Gunslinger Mahomes targets Super Bowl glory

4 min

Miami (AFP)

During a recent practice with the Kansas City Chiefs, Patrick Mahomes told team-mate Damien Williams to sprint downfield with his eyes shut and arms open.

"He said 'Just hold your arms out and wait for the ball,'" Williams recalled this week.

Seconds later, Mahomes duly zipped a pass into Williams' waiting arms with pinpoint accuracy.

"Pat's always trying to see what he can do differently," Williams says with a laugh.

It is a story that gives an insight into the kind of environment that has helped carry the 24-year-old Mahomes and the Chiefs into Sunday's Super Bowl against San Francisco.

Under coach Andy Reid, Mahomes is given free rein to express the full range of his talents, from audacious no-look passes to his signature howitzer throws downfield.

Mahomes laughs when asked about Williams' eyes-closed anecdote.

"We like to have fun," Mahomes said. "It's more about seeing what we can do and can't do."

A willingness to experiment with the unexpected has been a hallmark of Mahomes career from his earliest playing days.

The no-look passes were something he began to try during his college career, and that buccaneering style has been encouraged by Reid.

"(Reid) always says training camp is the time to throw interceptions," Mahomes says.

"So that's allowed me to have the confidence to do that stuff in the game. But it's very risky -- so you have to make sure you complete it when you do do it."

Selected by the Chiefs with the 10th overall pick in the 2017 draft, Mahomes' career took off the following year when he was promoted to starter.

An astonishing season saw him finish with 5,097 yards and 50 touchdowns, only the second quarterback in history to post those numbers after Peyton Manning.

That stellar year, which culminated in an MVP award, also made him one of only eight quarterbacks to throw for more than 5,000 yards in a season.

- Baseball background -

Mahomes believes much of his prodigious arm strength and accuracy can be traced back to his days playing baseball.

He is the son of former Major League Baseball pitcher Pat Mahomes, and as a youngster would often accompany his father for throwing practice.

"Baseball helped me a ton, being able to throw accurately, off platform," Mahomes says. "It has really helped."

Mahomes also benefits from an ice-cold temperament in pressure situations. When the Chiefs trailed 24-0 to the Houston Texans in this season's playoffs, there was no trace of panic from the young quarterback. The Chiefs ran out 51-31 winners.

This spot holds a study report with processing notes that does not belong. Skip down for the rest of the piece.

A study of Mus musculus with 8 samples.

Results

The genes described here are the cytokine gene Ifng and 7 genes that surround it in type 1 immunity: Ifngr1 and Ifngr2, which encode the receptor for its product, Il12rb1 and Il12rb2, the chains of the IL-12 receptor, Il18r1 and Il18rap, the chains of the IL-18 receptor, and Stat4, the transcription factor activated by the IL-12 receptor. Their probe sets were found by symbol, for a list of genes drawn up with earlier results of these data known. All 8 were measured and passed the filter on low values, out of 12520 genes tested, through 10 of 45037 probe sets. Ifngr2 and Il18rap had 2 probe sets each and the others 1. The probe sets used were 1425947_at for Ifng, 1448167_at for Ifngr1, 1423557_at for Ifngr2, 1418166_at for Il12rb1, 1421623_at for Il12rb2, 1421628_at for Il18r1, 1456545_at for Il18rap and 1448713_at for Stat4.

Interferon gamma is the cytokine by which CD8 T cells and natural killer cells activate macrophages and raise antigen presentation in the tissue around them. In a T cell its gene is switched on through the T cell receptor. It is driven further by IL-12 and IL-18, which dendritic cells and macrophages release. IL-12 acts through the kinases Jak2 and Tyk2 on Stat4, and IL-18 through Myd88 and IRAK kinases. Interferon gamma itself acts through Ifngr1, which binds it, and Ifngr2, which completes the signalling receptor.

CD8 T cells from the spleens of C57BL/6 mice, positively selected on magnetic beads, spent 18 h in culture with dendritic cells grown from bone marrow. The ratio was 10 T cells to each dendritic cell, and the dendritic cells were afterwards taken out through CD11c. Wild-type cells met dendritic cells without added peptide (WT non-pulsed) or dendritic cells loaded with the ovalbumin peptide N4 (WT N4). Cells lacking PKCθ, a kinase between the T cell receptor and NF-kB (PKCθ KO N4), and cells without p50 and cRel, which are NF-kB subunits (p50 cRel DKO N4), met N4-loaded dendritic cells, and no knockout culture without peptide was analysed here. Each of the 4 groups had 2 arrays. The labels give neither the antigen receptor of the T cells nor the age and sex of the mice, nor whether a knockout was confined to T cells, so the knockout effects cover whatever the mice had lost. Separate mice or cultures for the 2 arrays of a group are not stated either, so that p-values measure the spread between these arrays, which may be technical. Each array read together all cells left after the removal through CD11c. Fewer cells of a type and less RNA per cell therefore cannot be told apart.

Eric Bieniemy, the Chiefs offensive co-ordinator, says Mahomes' leadership in the locker room had also impressed the coaching staff since his arrival.

"We knew the kid was special when we drafted him," Bieniemy told AFP. "We knew we had a big arm. But the thing I love is his ability to lead.

"Players gravitate towards him. He's not afraid to tell guys 'Hey, get on my back, I'm going to take you to the Promised Land'.

"That's the thing that stands out more than anything. His willingness to make himself vulnerable. The kid has a beautiful mind. Coaching him is a lot of fun."

Mahomes meanwhile takes all the plaudits in his stride, revealing that he has always been determined to maintain a consistent personality throughout his life.

"I never wanted to change, never wanted to change my personality," Mahomes told reporters.

"I always said I wanted to be the same person in middle school that I am now."

That even temperament ought to ensure nerves are not a problem as he prepares to play in his first Super Bowl this weekend.

A victory would make him the second youngest quarterback to lift the Vince Lombardi Trophy after the Pittsburgh Steelers' Ben Roethlisberger in 2006.

"It's not about nerves -- it's about having fun and going out and enjoying being with your teammates," Mahomes said.

"It's a once in a lifetime opportunity that I hope I have many times in my life. I'm excited to go out there with my brothers to try and win."